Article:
Saturday, May 26, 2012

The View from Clay County

May 26, 2012 -- History rolls on at a memorial outside the county courthouse in Vermillion, South Dakota, where VFW Post 3061 will hold an observance on Monday.

Wednesday, May 16, 2012

Photo of the Day

May 16, 2012 -- Off Highway 19 and a bend in the Missouri River, South Dakota's corn is already enjoying the warmest year on record.

Saturday, May 12, 2012

The View from Yankton

May 12, 2012 -- For the annual Humane Society fundraiser in Yankton, South Dakota, a rancher from Tyndall brings his menagerie: exotic pheasants, spitting alpacas, and a month-old, one-humped camel.

Bolaño’s Last, Great Secret

May 7, 2012 -- RBM has an essay on Roberto Bolaño and The Secret of Evil (April 2012) over at The Millions. This might be the great hypnotist's last original collection, and while it doesn't measure up to Last Evenings on Earth (2007), which followed Bolaño's posthumous debut in The New Yorker, there is plenty to behold. Along with a dozen sketches from computer files that publisher New Directions says he was working on at the time of his death, April's release includes longer stories that occasionally read as essays. Or is it the other way around? Here's more on that question from “Bolaño's Last, Great Secret.” The excerpt begins with a quotation from Bolaño's “Labyrinth,” whose narrator is preoccupied with a photograph.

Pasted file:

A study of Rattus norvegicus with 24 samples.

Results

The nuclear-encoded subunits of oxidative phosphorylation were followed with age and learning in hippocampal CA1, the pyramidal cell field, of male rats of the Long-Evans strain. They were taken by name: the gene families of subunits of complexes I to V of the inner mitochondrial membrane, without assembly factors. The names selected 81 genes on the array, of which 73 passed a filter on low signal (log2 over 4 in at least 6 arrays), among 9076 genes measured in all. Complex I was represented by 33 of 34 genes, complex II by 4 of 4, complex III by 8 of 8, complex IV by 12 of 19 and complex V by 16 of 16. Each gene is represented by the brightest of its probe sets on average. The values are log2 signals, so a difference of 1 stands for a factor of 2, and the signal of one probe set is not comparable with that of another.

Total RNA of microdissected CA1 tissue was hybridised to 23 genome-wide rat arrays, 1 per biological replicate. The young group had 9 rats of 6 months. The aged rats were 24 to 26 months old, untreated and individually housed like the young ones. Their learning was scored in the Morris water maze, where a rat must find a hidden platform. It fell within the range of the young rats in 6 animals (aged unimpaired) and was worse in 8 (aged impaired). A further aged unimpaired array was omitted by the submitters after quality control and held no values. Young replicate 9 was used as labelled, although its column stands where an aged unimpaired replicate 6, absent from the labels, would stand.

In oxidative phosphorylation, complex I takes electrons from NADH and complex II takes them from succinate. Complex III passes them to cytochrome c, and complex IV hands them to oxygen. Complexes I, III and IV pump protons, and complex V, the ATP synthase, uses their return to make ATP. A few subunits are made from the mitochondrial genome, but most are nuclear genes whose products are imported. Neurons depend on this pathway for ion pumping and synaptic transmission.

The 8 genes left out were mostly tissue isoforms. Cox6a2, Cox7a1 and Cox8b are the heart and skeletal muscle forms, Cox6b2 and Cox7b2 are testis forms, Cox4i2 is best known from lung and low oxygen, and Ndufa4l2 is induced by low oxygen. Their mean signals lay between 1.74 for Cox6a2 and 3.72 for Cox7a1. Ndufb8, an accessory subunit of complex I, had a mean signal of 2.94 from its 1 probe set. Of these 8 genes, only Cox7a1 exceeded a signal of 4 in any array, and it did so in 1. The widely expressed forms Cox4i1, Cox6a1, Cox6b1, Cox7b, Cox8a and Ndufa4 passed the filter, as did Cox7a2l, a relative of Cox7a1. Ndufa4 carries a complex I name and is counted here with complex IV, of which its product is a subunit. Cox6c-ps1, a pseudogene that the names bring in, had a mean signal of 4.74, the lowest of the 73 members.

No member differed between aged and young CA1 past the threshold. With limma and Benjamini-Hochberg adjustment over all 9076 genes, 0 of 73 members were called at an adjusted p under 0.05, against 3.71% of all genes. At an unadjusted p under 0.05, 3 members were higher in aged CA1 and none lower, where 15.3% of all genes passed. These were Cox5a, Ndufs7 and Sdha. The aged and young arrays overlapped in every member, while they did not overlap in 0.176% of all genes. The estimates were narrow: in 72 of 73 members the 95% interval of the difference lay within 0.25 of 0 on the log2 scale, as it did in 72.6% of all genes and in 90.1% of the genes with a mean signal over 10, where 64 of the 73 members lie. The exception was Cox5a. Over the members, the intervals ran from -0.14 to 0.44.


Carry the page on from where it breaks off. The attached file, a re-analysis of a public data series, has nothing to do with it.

"They're sitting around a table. It's an ordinary table, made of wood, perhaps, or plastic, it could even be a marble table on metal legs, but nothing could be less germane to my purpose than to give an exhaustive description of it." 
What Bolaño's last masterpiece does proceed to describe, with East Germanic voyeurism, is the web of relationships on display. Why? Because (1) unlike many tableside portraits in Paris, this image was not intended for a magazine spread; and (2) because, importantly, not everyone is paying attention to the photographer. Two of the women pictured gaze off-camera, in the same direction. They might be preoccupied with an object of affection and it's precisely this quality of deduction that fuels Bolaño’s narrative. 
What of the photo itself? Unfortunately for readers, it can't be found in The Secret of Evil. But it did appear in The New Yorker's publication of “Labyrinth,” spread right across the opening pages. What more can be said of the seated figures, we begin to wonder?
 To read RBM's essay in full, visit this permalink.